OSIRIS-REx isn't the king of the dead, it's the king of snagging rocks from asteroids.
If all goes according to plan, a NASA spacecraft will slip the surly bonds of Earth tonight to punch the face of an asteroid four years hence.
The ambitious OSIRIS-REx mission promises to provide new information about our universe to the scientific community, and further proof-of-concept for commercial asteroid miners aiming to harvest precious resources in space.
The mission’s founding father, pioneering NASA scientist Michael Drake, passed away in 2011, shortly after his plan was approved. He hoped visiting an asteroid that has plied the universe for centuries would help answer questions like, “What’s the origin of the organic material that provided the building blocks that led to life?”
The asteroid target, Bennu, orbits around the sun, and was chosen because of its size, just over 500 meters in diameter; its carbon-heavy composition, assessed by many observations from Earth, means it is more likely to contain organic matter; and its nearness to our planet.
Indeed, it may perhaps be too near: The asteroid could come close enough to Earth to disastrously impact it sometime in the 22nd century. NASA’s mission planners say that understanding more about Bennu could prepare future generations to prevent such an outcome by diverting or destroying it.
The $800 million spacecraft’s complicated name is not just a weird concatenation of ancient Egyptian and Latin that suggests “God-King of the Dead.” It’s an acronym—which the team says emerged spontaneously—that spells out the mission:
Origins—Analyze the asteroid’s material composition to learn more about the development of the universe.
Spectral Interpretation—Compare close-up data on the asteroid to our telescopic measurements so we can better calibrate them.
Resource Identification—Figure out what materials make up the asteroid.
Security—Attempt to measure what about the asteroid’s composition is making it orbit dangerously close to Earth.
REx—”Regolith explorer”: the surface material of an asteroid is called regolith, and this mission will retrieve samples and bring them back.
It will take two years for OSIRIS-REx to simply catch up with Bennu as it travels the solar system. Once it does, by August 2018 according to plan, it will move into orbit around Bennu and use its sensors to comprehensively image and scan the surface of the asteroid for another year or two. Then, all that data in hand, the probe’s software will determine the best place for Bennu to take a sample around July 2020.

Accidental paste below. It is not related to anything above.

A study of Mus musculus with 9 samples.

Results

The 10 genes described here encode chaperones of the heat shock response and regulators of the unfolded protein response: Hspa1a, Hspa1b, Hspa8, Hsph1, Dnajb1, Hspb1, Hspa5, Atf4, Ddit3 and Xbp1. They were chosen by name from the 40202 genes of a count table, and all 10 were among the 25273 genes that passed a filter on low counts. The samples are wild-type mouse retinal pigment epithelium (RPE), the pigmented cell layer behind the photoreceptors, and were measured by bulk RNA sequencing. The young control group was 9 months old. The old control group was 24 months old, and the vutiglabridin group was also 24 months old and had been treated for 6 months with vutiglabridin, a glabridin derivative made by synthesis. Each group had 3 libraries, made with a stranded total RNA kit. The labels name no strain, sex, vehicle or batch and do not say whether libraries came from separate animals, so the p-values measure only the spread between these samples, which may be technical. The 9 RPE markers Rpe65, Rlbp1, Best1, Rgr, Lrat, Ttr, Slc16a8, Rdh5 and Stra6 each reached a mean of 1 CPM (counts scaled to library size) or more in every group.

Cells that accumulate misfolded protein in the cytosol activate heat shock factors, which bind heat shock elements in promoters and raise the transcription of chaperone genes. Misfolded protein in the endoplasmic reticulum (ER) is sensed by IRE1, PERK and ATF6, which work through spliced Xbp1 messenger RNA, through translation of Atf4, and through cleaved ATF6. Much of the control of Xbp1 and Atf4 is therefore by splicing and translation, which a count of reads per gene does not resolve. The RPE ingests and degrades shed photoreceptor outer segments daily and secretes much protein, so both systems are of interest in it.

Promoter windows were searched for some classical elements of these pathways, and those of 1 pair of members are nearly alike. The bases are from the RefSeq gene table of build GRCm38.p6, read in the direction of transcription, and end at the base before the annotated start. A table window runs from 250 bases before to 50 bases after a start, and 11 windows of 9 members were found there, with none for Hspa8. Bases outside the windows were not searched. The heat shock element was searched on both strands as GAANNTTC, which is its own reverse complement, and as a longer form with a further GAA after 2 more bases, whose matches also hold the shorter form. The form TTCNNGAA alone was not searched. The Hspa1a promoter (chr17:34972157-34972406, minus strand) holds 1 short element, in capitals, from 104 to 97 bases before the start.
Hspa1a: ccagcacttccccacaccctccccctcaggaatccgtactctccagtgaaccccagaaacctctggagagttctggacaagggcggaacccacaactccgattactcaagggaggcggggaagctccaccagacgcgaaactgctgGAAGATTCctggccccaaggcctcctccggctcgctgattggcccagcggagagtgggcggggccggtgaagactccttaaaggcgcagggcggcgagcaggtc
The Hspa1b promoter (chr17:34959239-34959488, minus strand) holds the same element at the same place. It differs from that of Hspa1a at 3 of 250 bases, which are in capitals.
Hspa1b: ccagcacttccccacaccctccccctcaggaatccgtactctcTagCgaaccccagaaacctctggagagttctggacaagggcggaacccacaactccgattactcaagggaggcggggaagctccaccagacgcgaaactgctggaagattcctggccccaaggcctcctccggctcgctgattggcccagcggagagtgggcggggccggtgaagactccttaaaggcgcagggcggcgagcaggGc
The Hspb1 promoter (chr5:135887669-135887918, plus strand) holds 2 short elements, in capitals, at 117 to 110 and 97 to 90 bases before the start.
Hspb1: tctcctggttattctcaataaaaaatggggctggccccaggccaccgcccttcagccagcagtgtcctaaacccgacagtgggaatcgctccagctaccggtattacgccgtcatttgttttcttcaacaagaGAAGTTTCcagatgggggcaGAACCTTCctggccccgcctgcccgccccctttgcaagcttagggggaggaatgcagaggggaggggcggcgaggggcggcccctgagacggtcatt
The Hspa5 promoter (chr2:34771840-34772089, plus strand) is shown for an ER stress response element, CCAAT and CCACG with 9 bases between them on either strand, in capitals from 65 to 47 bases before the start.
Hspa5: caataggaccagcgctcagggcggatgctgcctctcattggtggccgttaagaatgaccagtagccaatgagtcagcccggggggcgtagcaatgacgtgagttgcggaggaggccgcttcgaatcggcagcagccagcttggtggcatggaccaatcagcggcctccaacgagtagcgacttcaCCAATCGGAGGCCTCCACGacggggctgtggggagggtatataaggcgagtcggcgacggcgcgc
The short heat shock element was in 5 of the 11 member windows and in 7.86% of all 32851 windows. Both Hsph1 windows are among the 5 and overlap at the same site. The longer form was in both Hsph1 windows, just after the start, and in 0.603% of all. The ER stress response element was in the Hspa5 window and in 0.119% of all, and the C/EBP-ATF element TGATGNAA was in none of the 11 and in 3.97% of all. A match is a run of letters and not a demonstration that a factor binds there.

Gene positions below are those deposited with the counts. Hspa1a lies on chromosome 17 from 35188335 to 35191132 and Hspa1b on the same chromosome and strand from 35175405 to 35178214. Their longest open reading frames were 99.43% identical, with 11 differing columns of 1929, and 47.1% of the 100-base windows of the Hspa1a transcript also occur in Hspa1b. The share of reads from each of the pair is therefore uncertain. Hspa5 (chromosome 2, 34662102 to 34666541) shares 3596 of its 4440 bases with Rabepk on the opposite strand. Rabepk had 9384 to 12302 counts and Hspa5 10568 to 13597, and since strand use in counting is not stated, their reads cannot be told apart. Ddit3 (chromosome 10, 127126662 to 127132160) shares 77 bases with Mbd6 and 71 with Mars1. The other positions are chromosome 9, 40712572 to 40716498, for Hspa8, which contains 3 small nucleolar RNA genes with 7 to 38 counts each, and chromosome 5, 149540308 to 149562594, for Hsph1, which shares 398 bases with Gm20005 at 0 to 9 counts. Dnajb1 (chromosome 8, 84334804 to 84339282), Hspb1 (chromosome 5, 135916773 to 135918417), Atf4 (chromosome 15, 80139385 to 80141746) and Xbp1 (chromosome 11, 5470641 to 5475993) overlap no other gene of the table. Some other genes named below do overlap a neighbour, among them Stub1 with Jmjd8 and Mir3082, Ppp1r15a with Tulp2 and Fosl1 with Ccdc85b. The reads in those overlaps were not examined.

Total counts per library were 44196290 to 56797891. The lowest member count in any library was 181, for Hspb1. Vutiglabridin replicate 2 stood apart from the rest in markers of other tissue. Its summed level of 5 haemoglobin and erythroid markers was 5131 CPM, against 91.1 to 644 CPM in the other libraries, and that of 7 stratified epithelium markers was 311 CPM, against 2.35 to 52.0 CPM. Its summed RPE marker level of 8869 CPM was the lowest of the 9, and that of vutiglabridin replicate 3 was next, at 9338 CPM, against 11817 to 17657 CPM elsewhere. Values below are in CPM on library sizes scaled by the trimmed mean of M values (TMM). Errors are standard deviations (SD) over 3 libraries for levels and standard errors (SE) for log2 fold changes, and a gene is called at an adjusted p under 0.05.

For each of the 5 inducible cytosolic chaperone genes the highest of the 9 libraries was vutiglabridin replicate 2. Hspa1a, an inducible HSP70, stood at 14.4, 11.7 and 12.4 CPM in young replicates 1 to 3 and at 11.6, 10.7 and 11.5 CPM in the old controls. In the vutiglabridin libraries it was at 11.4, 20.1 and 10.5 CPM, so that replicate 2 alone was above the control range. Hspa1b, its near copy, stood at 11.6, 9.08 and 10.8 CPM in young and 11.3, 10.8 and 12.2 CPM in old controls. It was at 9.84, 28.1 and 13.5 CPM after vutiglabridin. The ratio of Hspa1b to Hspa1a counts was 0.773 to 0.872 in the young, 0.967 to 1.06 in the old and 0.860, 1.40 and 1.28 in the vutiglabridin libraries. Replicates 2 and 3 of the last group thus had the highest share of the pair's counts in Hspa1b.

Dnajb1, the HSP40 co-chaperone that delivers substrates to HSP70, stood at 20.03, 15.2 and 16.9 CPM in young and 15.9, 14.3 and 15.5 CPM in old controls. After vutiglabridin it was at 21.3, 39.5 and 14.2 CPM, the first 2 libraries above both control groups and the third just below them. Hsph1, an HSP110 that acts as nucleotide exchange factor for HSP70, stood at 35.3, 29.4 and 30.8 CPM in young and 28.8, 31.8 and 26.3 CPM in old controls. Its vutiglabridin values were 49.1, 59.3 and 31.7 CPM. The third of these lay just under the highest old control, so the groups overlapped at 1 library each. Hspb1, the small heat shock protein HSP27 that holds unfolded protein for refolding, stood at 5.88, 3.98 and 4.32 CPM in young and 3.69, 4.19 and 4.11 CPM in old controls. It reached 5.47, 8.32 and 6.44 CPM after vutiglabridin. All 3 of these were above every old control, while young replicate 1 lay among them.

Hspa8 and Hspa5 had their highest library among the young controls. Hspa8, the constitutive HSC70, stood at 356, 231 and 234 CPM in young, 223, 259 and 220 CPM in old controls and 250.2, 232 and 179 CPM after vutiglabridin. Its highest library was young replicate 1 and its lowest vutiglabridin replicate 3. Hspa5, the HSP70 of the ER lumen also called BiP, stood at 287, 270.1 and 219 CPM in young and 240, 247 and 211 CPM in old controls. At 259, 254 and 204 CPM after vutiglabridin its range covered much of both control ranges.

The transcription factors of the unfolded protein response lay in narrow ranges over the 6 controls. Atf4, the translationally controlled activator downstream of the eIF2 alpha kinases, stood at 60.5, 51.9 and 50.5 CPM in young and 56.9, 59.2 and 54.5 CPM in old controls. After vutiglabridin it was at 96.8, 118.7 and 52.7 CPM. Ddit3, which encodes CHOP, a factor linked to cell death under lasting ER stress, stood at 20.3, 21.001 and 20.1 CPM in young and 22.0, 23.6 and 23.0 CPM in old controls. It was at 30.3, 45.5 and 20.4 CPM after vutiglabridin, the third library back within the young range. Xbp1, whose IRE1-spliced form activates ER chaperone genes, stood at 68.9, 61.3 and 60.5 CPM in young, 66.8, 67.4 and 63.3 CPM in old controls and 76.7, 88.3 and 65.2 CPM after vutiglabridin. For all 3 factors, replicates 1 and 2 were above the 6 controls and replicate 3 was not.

The sampling will not involve a proper landing, as Philae, the European Space Agency probe, did on a comet in 2014, where it still remains. It’s more like a grabber claw at an arcade—OSIRIS-REx will head near to the surface and deploy a special tool. The tool will hit the regolith for just five seconds, firing out a burst of nitrogen gas to suck material up into the spacecraft without contaminating it.
The spacecraft will carry enough nitrogen for three five-second dips, and then the sampling is over. The hope is to get at least 60 grams of material—”four tablespoons of packed brown sugar,” in the words of Christina Richey, a NASA scientist working on the mission. That may seem small, but it will also be the largest sample of space material returned to Earth since the Apollo moon missions. Assuming all goes well, OSIRIS-REx will start its return trip in 2021 and arrive back on planet in 2023, samples in tow.
Even before it returns, a successful mission could help fledgling asteroid mining concerns prove that their ideas have merit.
“OSIRIS-REx is an exciting mission, both for helping us better understand the secrets of the Solar System, as well as measuring the important resources which may be present in [carbon-based] asteroids like Bennu,” Chris Lewicki, the president of Planetary Resources, said in an e-mail. “Water for life support, radiation shielding for human travels, and rocket fuel for future space explorers are all resources available from these types of asteroids.”